A couple years after the 2004 release of Morgan Spurlock's Academy Award-nominated Supersize Me, a documentary that detailed the effects of what eating breakfast, lunch and dinner at McDonalds every day did to the health of the film's director/star, a former ditch digger and future NHLer endured his own nasty brush with the Golden Arches.
"It was the dollar menu that did me in," Phoenix Coyotes forward Rob Klinkhammer says. "I would go there for lunch and for five bucks I would eat four burgers."
Klinkhammer was 19 years old, and for the first time in his junior career he was living away from home after his hometown Lethbridge Hurricanes traded him to the Seattle Thunderbirds.
His weight ballooned to 235 pounds. His play suffered. He missed time with injuries. He was down on himself and no longer thrilled with hockey.
Klinkhammer figured this was it for his junior career. He'd better enrol at the University of Calgary, play some varsity hockey and get an education.
"Ice cream got me, too," the 6-foot-3, 210-pound Klinkhammer confesses. "I loved ice cream. My roommate and I were eating a lot of crap late at night. I needed to grow up."
Klinkhammer never did make it to the University of Calgary. His father, Gerry, talked him into giving junior one final season as an overager. So the kid went to work in the gym like never before to whip himself into the best shape of his young career. He also became a health food nut.
"I wasn't happy with anything," the 27-year-old Klinkhammer says. "So I just wanted to completely dedicate myself to one year to see what happens."
What happened was he scored 33 goals and 73 points in 66 games for Seattle, the Portland Winter Hawks and Brandon Wheat Kings. He was on his way.
Klinkhammer landed a tryout with the Tampa Bay Lightning and played for their AHL affiliate in Norfolk, Va. He then moved to the Chicago Blackhawks system and after 234 AHL games played his first NHL game on Dec. 8, 2010 for Chicago.
Three years later, the undrafted Klinkhammer is a regular with the Coyotes. So what kept him going?
"I guess it's the love of the game," he says. "I know that sounds like a cliché.
"I guess a lot has to with when I was in junior, during the summer I worked 40 hours a week and after a long day of work I went to the gym. I hated that. I don't think a lot of juniors have to do that.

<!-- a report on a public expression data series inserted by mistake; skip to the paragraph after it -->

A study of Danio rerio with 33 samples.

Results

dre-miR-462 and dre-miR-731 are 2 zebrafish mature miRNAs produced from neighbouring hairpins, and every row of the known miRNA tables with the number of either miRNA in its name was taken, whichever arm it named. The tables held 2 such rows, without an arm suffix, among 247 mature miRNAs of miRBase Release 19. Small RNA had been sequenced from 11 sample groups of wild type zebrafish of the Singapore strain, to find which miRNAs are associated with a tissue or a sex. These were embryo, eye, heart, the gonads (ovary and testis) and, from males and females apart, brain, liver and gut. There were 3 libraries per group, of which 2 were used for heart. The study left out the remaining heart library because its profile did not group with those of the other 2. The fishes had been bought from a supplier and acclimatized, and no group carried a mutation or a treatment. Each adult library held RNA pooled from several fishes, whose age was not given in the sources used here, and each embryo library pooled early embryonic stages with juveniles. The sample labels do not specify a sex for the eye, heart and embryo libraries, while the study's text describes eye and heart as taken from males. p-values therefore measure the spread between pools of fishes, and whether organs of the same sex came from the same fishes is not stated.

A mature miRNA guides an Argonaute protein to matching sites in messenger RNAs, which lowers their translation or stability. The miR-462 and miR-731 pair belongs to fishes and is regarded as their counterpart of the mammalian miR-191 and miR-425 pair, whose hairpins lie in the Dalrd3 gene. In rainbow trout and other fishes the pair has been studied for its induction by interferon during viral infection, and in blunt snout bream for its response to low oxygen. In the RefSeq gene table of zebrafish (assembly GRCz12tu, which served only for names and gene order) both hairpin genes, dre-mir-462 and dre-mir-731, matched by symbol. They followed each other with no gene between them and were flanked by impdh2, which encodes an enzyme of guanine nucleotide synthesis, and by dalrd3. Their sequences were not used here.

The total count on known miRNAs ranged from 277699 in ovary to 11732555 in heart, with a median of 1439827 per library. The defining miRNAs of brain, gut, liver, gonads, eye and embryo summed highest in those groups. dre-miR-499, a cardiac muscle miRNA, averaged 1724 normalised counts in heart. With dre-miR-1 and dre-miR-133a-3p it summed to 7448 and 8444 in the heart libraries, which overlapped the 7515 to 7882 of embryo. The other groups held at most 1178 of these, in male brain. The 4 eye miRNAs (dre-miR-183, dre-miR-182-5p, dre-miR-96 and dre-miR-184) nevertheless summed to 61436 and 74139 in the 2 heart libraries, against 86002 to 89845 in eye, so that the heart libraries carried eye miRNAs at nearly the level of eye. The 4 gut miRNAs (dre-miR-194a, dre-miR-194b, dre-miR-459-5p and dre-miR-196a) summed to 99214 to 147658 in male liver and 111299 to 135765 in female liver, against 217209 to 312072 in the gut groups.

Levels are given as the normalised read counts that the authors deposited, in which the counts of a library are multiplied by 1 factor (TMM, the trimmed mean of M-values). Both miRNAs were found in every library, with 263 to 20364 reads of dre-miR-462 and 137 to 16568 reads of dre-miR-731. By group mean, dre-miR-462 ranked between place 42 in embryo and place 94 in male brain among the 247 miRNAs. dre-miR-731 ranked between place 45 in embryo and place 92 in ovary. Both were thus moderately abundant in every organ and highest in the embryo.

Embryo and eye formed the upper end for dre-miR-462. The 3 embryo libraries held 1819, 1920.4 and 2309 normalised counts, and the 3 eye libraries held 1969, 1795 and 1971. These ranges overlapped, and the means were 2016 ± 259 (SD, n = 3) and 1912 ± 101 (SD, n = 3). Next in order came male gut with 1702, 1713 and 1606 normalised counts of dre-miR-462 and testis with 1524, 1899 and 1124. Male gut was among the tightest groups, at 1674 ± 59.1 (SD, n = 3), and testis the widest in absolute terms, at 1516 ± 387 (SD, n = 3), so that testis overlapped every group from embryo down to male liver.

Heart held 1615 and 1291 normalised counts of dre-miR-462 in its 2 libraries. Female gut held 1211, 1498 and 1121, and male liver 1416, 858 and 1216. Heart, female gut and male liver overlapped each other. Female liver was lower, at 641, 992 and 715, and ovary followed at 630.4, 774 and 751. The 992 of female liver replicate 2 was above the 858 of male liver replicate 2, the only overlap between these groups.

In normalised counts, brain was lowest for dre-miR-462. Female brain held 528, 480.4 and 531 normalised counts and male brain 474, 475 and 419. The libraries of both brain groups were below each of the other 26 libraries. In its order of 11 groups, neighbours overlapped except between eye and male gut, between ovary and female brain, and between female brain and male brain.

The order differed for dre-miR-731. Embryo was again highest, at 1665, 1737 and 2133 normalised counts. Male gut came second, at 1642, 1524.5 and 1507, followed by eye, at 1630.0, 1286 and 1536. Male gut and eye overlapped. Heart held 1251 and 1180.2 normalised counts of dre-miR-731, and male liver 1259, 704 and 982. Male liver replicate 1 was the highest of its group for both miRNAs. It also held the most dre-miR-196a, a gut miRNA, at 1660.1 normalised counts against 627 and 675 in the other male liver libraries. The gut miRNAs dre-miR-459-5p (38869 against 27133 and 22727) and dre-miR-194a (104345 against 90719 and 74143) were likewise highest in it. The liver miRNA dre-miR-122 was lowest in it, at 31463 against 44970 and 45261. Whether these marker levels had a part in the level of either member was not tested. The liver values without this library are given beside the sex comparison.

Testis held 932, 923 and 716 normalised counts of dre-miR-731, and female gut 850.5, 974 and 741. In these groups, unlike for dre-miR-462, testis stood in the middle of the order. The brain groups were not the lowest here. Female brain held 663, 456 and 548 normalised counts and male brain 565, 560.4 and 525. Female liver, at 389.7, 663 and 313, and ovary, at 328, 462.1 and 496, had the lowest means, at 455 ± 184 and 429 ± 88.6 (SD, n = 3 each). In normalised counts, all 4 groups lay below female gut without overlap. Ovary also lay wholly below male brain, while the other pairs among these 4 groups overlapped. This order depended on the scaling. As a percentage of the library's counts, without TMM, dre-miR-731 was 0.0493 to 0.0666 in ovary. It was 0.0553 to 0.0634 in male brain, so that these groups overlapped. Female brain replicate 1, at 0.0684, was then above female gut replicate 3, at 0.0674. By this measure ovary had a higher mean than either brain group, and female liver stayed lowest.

"But I needed the money to get me through the hockey season. I needed to pay for my car. I think working [at a regular job] motivated me. I didn't like that. It wasn't fun. If I could play hockey for as long as I can it would be great. I didn't know I would be in the NHL, but I'd rather be playing hockey than digging ditches."
Digging ditches? That's right, Klimkhammer's summer job was making four-foot wide, six-feet deep trenches for a natural gas company in the heat of the Southern Alberta summer, wearing coveralls.
He's come a long way from those days. Since he turned pro, Klinkhammer has not only developed his game, but also taken five online courses with the University of Athabasca, including a recently completed nutrition course.
He credits his parents, Ruth and Gerry, for his work ethic. Ruth, a freelance communications writer, made the two-hour drive back and forth from Lethbridge to Calgary a few times a week for work. Gerry worked almost 30 years as an electrical power linemen before his recent retirement.
Gerry, now a full-time scout for the Hurricanes, was an accomplished senior hockey player. He won the Allan Cup with the 1981-82 Cranbrook Royals.
It was Gerry who used a connection to then Hurricanes coach and general manager Bryan Maxwell -- the two grew up together -- to land his son a tryout as a 16-year-old.
The son made the most of the opportunity to become a full-time WHL player a couple years later in Lethbridge and, several years later, a regular with the Coyotes.